Business in Vancouver

Canadian businesses still cautious, says Bank of Canada survey

Economy 'in transition and the process is unfolding very slowly,' says senior economist

PUBLISHED : Tuesday, 05 July, 2016, 4:26am
UPDATED : Tuesday, 05 July, 2016, 12:00pm

If you’re looking for optimism, the Bank of Canada’s (BoC) summer Business Outlook Survey (BOS) is probably not the place to turn. Confirming Canadians' concerns about the shape of the economy, the Bank of Canada interviewed people in senior management from roughly 100 firms. What they found was that the transition away from an economy heavily dependent on growth from the energy sector continues to be slow.

“The summer BOS highlights that the Canadian economy remains in transition and the process is unfolding very slowly. The more restrained optimism on foreign demand isn’t what the BoC is looking for and suggests the transition will remain slow,” said Benjamin Reitzes, senior economist for the Bank of Montreal, in a note to investors.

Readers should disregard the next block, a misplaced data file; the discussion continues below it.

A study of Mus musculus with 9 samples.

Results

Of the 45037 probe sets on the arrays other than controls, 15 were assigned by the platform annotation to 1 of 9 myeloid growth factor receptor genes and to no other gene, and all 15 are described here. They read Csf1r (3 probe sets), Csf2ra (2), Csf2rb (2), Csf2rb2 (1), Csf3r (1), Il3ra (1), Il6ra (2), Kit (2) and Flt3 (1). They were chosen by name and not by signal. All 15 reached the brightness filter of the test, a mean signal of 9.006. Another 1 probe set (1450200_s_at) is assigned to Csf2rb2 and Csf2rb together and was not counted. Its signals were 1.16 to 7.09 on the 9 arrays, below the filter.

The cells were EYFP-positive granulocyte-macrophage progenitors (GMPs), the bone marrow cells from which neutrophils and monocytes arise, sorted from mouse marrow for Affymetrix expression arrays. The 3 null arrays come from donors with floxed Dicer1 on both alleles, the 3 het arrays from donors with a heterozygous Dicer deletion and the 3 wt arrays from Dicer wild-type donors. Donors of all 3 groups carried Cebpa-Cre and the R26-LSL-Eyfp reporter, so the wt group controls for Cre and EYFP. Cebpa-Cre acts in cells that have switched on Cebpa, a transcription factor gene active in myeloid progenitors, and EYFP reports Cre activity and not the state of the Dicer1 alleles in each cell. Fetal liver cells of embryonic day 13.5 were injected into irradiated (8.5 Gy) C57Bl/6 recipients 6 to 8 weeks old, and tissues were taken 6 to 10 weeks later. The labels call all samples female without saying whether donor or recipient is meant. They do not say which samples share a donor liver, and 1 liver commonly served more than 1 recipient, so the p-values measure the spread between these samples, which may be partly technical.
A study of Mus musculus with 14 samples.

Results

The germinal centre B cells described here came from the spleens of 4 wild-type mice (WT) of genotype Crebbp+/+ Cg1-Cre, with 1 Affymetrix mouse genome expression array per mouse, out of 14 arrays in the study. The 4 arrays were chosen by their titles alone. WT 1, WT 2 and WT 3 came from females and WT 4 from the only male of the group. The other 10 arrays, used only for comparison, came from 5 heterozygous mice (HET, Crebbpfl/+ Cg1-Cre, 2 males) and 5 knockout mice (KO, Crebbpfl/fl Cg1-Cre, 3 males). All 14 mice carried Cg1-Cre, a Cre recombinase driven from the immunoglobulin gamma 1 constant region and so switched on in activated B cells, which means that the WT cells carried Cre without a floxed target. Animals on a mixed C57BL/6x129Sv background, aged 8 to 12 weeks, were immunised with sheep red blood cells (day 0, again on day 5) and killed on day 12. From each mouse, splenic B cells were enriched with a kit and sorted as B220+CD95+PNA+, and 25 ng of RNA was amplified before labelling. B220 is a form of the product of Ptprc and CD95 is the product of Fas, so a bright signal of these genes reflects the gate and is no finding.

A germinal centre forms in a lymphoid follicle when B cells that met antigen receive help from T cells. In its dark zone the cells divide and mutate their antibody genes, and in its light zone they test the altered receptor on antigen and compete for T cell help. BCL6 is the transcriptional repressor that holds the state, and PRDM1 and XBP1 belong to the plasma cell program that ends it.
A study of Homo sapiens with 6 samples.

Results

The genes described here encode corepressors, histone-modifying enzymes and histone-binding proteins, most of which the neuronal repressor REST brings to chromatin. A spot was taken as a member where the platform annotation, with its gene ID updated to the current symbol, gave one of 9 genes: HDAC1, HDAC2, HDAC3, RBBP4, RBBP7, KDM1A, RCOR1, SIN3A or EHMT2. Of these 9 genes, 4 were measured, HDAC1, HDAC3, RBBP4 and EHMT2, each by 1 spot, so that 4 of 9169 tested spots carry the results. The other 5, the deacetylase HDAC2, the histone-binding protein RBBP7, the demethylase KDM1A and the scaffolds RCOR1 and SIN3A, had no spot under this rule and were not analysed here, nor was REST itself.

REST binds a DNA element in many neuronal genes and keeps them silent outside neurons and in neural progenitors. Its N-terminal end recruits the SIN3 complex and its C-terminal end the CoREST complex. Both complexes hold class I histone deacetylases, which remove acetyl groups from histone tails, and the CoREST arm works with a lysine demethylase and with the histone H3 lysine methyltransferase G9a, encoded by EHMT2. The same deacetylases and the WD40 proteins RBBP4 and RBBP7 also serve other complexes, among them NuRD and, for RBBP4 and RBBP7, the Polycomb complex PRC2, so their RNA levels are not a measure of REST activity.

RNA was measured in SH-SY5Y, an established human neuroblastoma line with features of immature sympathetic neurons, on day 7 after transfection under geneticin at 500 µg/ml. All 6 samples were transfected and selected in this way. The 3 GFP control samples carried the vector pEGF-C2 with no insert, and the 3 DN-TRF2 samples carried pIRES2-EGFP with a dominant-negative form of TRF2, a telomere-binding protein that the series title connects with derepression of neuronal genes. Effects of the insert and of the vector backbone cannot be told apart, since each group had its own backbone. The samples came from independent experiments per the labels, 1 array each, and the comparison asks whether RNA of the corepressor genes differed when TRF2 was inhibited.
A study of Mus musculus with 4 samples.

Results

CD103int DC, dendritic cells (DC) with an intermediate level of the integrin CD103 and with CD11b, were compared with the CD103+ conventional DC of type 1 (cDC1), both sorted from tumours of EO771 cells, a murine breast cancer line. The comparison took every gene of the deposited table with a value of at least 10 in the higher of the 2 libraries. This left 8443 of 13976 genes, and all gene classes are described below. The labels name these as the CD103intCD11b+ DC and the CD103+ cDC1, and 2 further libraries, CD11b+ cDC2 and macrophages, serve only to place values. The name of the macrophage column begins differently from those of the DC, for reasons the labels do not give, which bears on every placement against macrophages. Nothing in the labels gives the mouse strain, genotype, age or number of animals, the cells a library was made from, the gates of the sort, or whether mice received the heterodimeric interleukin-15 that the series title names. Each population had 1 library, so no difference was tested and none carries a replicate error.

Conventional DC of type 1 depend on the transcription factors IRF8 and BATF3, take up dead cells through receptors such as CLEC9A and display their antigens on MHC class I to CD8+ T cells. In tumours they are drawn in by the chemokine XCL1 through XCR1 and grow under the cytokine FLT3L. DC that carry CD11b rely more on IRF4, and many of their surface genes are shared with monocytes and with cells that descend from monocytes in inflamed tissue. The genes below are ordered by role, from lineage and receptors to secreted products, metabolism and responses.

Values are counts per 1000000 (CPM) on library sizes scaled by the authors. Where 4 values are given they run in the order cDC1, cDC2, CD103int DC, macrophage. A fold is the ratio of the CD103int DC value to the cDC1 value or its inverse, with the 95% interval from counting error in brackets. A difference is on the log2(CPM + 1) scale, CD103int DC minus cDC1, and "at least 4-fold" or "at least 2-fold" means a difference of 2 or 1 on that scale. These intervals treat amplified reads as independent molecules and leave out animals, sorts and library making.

According to those surveyed, labour shortages are less intense then they were a year ago. However 30 per cent of respondents said that they would have some trouble meeting unanticipated demand and five per cent said they would have significant problems.

Based on the survey investment on machinery and equipment is expected to increase nine per cent, the same amount expected last year. The economic drag is a result of weak commodity prices that depress the investment budget of those companies affected, primarily firms headquartered in the prairies. According to the BoC, investment intentions are being held back by modest domestic demand, uncertainty and insufficient foreign demand.

Hiring levels remain below the post-recession period, but more companies still intend to increase their labour force, with 43 per cent of respondents saying they intend to increase their workforce and 22 per cent believing their workforce will be smaller.  The goods sector is expected to experience the greatest job loss with jobs coming from construction, manufacturing and energy.